Treatment may involve moving the foot into the correct position and using a cast to keep it there. This is often done by an orthopedic specialist. Treatment should be started as early as possible — ideally, shortly after birth — when reshaping the foot is easiest.
Gentle stretching and recasting occurs every week to improve the position of the foot. Generally, five to 10 casts are needed. The final cast remains in place for 3 weeks. After the foot is in the correct position, a special brace is worn nearly full time for 3 months. Then it is used at night and during naps for up to 3 years.
Often, a simple outpatient procedure is needed to release a tightened Achilles tendon.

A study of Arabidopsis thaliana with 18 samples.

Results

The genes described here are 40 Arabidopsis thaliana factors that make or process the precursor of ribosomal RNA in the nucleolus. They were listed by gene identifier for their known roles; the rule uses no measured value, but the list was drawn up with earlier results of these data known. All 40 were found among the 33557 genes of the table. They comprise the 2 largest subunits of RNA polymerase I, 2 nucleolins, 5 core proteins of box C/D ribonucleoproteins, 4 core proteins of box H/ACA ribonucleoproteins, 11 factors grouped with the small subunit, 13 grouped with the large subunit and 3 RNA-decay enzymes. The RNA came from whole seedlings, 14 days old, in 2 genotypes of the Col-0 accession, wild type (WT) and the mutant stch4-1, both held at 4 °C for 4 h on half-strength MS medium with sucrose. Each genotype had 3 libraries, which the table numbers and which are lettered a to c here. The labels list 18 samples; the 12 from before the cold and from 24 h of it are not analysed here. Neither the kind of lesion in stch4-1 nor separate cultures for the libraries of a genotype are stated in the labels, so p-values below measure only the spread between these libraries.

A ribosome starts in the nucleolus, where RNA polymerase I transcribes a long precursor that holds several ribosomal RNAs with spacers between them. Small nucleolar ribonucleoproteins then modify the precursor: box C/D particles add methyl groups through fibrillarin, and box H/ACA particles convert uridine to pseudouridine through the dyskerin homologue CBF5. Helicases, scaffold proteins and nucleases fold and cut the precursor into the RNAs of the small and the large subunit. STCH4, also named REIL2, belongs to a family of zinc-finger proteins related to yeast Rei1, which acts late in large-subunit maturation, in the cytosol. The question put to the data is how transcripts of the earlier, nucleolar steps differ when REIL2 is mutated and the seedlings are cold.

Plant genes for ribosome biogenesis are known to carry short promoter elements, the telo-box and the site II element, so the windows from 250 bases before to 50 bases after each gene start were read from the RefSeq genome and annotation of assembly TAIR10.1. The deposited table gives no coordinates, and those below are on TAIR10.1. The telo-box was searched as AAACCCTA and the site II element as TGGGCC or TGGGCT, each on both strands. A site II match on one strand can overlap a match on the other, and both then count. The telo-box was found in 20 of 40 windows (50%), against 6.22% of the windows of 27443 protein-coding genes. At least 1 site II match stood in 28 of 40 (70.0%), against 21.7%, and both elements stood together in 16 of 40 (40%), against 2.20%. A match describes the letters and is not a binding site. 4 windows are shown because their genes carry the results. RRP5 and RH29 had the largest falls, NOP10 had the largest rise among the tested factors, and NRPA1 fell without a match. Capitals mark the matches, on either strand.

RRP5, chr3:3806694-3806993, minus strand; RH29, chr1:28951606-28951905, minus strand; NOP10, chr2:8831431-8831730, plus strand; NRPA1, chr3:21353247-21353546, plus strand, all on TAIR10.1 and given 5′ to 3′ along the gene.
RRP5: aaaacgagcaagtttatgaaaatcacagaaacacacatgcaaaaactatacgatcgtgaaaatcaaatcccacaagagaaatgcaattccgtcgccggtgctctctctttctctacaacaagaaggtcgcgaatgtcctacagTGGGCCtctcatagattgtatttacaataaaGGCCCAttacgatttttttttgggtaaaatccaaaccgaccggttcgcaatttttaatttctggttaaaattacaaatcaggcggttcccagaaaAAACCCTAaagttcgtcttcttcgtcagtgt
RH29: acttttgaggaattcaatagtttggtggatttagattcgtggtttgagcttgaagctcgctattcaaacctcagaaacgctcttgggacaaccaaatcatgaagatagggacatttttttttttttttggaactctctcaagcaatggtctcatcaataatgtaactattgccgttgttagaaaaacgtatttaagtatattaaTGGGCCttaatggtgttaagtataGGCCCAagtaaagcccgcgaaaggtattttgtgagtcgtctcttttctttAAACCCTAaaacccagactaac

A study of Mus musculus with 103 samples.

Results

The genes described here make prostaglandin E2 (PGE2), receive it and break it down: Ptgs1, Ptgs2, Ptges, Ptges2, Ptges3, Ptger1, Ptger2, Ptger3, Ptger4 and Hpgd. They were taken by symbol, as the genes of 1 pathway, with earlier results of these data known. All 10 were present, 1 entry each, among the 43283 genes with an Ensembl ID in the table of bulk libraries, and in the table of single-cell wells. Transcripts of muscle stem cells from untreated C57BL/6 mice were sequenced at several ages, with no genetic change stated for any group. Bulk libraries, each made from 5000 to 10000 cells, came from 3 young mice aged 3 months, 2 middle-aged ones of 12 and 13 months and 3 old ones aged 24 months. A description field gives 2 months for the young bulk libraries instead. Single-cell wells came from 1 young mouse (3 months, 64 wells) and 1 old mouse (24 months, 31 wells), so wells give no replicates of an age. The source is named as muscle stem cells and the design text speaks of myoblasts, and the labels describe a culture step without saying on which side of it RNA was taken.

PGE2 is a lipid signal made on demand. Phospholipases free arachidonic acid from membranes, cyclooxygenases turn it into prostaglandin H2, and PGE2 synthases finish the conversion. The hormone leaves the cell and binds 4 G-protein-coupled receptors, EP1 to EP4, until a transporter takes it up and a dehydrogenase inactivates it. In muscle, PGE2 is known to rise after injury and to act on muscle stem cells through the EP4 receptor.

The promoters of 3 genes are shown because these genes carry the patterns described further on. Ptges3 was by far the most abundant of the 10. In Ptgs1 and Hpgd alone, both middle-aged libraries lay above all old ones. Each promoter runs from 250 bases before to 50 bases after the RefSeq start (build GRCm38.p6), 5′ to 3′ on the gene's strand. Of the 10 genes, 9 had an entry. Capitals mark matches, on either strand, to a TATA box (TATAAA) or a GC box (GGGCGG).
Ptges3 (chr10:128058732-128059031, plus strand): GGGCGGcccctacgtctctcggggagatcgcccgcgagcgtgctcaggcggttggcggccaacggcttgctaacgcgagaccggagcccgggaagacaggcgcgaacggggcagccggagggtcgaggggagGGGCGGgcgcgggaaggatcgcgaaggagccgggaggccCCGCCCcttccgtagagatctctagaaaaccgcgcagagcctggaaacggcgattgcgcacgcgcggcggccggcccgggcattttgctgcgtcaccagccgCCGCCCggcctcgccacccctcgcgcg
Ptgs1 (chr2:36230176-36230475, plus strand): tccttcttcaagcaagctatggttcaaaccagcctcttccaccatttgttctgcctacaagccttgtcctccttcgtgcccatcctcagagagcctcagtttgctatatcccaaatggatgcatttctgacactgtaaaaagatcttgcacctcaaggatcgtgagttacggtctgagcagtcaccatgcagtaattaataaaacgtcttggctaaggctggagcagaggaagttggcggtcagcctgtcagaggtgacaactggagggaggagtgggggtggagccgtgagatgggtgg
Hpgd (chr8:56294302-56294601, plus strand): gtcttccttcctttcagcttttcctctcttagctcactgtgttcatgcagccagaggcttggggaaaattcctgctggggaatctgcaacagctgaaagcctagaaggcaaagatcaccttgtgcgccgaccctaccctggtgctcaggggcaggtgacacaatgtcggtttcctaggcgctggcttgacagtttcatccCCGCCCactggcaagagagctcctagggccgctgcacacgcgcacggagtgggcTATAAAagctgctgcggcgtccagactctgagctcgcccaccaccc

Some severe cases of clubfoot will require surgery if other treatments do not work, or if the problem returns. The child should be monitored by a doctor until the foot is fully grown. See: Clubfoot repair
The outcome is usually good with treatment.
Some defects may not be completely fixed. However, treatment can improve the appearance and function of the foot. Treatment may be less successful if the clubfoot is linked to other birth disorders.
Calling Your Health Care Provider
If your child is being treated for clubfoot, call your health care provider if:
- The toes swell, bleed, or change color under the cast
- The cast appears to be causing significant pain
- The toes disappear into the cast
- The cast slides off
- The foot begins to turn in again after treatment
Review Date : 11/2/2009
Reviewed By : Neil K. Kaneshiro, MD, MHA, Clinical Assistant Professor of Pediatrics, University of Washington School of Medicine. Also reviewed by David Zieve, MD, MHA, Medical Director, A.D.A.M., Inc.